Feb 26, 2008
Seems like some of my readers are paying attention and that's awesome. I wrote part one of this article a while back. It talks about eight common and avoidable pitfalls we have in language. In the article I wrote about 'but', 'if', 'try', and 'might' and how these words dilute the power of our language and dull our ability to persuade. Well, a few of my more observant readers noticed that if there are eight pitfalls and I only cited four, there must be four more traps out there with the potential to hurt us. Some readers went so far as to suggest I did this to demonstrate another persuasive technique--open loops.

Now whether or not I was being sneaky and slipping in an open loop on purpose . . well, I'm not going to admit or deny that at this time.

Well. . . if you've been awaiting in eager anticipation part two, thanks.

The first three of the final four: would have, could have, should have (woulda, coulda, shoulda).

Why are these problematic? First, they're all in the past tense and on the surface, this may not seem like a problem, but they can have an adverse impact on your ability to persuade.

Generally, you want to be leading people into the present time so they can and will act right now. We don't want their heads in the past, we want them with us. To borrow a phrase from Ram Dass, we need them to "be here now." The present is where we're selling, the present is where they're buying.

A lot of time this sort of nostalgic allows people to spin off into regret and whining, 'I should have done this. I could have had this. I would have been so much better off. . . '

Number eight of the top eight words . . .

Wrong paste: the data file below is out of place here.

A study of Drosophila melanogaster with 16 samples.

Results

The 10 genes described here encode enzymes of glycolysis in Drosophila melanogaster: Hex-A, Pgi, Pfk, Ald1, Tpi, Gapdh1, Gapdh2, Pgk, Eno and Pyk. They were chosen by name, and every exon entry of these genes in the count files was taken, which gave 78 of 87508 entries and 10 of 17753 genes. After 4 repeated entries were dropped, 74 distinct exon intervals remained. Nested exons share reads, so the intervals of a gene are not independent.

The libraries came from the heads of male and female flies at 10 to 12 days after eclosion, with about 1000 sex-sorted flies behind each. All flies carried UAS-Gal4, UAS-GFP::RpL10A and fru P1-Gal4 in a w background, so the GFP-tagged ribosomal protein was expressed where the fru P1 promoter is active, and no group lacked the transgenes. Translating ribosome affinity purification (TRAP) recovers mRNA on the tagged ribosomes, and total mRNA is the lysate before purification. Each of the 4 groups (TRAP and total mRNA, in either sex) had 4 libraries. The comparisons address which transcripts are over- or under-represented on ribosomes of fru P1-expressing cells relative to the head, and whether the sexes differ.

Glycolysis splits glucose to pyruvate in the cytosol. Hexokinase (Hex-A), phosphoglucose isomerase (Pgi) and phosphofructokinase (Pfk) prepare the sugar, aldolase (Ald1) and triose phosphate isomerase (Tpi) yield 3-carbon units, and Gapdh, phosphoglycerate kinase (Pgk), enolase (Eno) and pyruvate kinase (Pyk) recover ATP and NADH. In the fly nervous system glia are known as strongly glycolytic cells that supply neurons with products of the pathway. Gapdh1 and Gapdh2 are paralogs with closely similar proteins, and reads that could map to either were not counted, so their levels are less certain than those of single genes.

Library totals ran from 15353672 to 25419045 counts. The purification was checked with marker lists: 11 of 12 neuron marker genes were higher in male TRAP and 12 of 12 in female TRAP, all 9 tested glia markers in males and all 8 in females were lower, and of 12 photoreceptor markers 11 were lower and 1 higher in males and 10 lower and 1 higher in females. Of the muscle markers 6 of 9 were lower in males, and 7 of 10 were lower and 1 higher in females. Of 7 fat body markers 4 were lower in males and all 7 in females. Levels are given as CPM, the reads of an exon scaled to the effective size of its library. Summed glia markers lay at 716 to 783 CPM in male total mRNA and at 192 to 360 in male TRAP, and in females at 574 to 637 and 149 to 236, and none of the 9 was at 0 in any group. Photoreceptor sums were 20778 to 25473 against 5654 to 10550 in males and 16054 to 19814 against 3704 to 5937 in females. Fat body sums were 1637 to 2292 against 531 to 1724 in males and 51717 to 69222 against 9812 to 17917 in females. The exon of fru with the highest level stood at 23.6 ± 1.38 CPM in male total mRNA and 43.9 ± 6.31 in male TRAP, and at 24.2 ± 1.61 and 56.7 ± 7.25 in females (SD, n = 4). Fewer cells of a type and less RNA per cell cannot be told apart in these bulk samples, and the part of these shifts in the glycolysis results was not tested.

Can't. I can't. Can't is a negation and negations have the potential to pose a serious threat to your persuasive abilities in essence canceling out all that you have worked to achieve. When I was in high school there was one teacher who forbid us from using the word 'can't'. He wasn't having it.

If you were to say, "You can't use negations", this forces your mind to first picture using negations then in some way negating that picture.

What happens when you say to yourself, "I just can't sleep." Well. . .it turns out, you can't sleep.

Negations force the mind to think of the one thing you don't want to think about. The most important element to persuasion is to get your prospect imagining themselves, creating a mental image, of them doing what you want them to do.

Words like "can't" create the very image you don't want the person to make.

You can use negation powerfully and creatively. Simply take care that when you use them, you use them properly.

So now that you've gotten part two, are you happy?
About the Author
Kenrick Cleveland teaches strategies to earn the business of wealthy prospects using persuasion. He runs public and private seminars and offers home study courses and coaching programs in persuasion strategies.